Prime Minister Lars Loekke Rasmussen's resignation leaves the center-left Social Democrats, Denmark's largest party, to start talks to form a one-party minority government. Social Democrat leader Mette Frederiksen had rejected forming a coalition with Loekke Rasmussen's Liberals.
Loekke Rasmussen failed to maintain a majority in parliament after his allies, the populist Danish People's Party, saw their vote share plunge to 8.7% in Wednesday's election from 21.1% in 2015. Rune Stubager, a politics professor at Denmark's University of Aarhus, said that the election results showed a "considerable swing to the left" on the topics of welfare and climate.
The Social Democrats are promising to put welfare first again and reverse some of center-right government's cuts. But they also say they will seek support from the right on immigration issues, and that they will continue the current government's tough anti-immigration stance.
Pressed by his populist supporters, Loekke Rasmussen's government has tightened immigration laws in recent years. Face-covering garments have been banned, and newly arrived asylum-seekers are required to hand over valuables such as jewelry and gold to help pay for their stays.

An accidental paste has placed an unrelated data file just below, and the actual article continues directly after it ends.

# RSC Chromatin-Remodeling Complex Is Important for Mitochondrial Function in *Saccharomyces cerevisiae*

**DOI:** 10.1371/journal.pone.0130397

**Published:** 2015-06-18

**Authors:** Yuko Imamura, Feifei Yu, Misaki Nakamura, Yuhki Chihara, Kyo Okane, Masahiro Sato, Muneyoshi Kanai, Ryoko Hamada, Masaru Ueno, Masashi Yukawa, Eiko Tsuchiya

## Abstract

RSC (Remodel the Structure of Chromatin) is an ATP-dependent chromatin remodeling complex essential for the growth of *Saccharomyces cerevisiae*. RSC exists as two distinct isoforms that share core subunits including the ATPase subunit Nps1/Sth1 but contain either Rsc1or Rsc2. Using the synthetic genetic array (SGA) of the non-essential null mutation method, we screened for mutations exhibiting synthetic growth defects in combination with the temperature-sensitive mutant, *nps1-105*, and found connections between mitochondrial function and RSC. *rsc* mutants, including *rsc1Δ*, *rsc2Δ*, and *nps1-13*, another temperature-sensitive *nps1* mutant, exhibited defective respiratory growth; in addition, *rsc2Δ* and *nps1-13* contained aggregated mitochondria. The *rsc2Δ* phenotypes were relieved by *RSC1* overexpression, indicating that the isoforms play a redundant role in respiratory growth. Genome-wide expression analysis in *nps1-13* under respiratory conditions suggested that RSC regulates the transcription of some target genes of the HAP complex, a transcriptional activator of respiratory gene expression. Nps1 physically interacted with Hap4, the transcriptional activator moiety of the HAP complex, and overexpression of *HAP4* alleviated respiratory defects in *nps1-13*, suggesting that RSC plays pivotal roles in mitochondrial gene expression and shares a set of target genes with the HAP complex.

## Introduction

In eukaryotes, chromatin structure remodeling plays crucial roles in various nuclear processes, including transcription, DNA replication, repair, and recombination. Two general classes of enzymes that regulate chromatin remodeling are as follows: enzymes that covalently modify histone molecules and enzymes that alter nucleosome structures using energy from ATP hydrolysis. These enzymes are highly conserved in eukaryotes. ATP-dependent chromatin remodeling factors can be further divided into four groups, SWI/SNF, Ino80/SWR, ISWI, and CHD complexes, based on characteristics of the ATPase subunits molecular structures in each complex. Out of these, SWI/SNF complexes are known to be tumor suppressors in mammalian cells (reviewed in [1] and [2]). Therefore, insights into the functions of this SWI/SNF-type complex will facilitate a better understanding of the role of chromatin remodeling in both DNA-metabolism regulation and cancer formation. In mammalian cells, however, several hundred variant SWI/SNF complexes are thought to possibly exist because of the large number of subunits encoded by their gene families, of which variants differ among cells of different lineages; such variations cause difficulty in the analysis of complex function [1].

Last year, Denmark made international headlines when officials decided that rejected asylum-seekers or those with a criminal record awaiting expulsion should be sent to an island that once housed a defunct laboratory for contagious animal diseases.
Stubager called the election outcome "a disaster" for the populists because voters are dissatisfied that the protest party now "is part of the political establishment." Like their counterparts in neighboring Sweden, Denmark's Social Democrats have opted for a tougher stance on immigration since the 2015 refugee crisis, when hundreds of thousands of asylum-seekers sought shelter in European countries. Sweden's Social Democratic government has sharply restricted immigration, reversing a long tradition of welcoming migrants and refugees.
On Thursday, Loekke Rasmussen formally handed over his resignation to Queen Margrethe, Denmark's figurehead monarch, at the Amalienborg Palace. Talks to form a new government, expected to begin later Thursday, could take weeks.
Turnout in Wednesday's election was 85.5%, according to official figures, slightly lower than in the 2015 elections.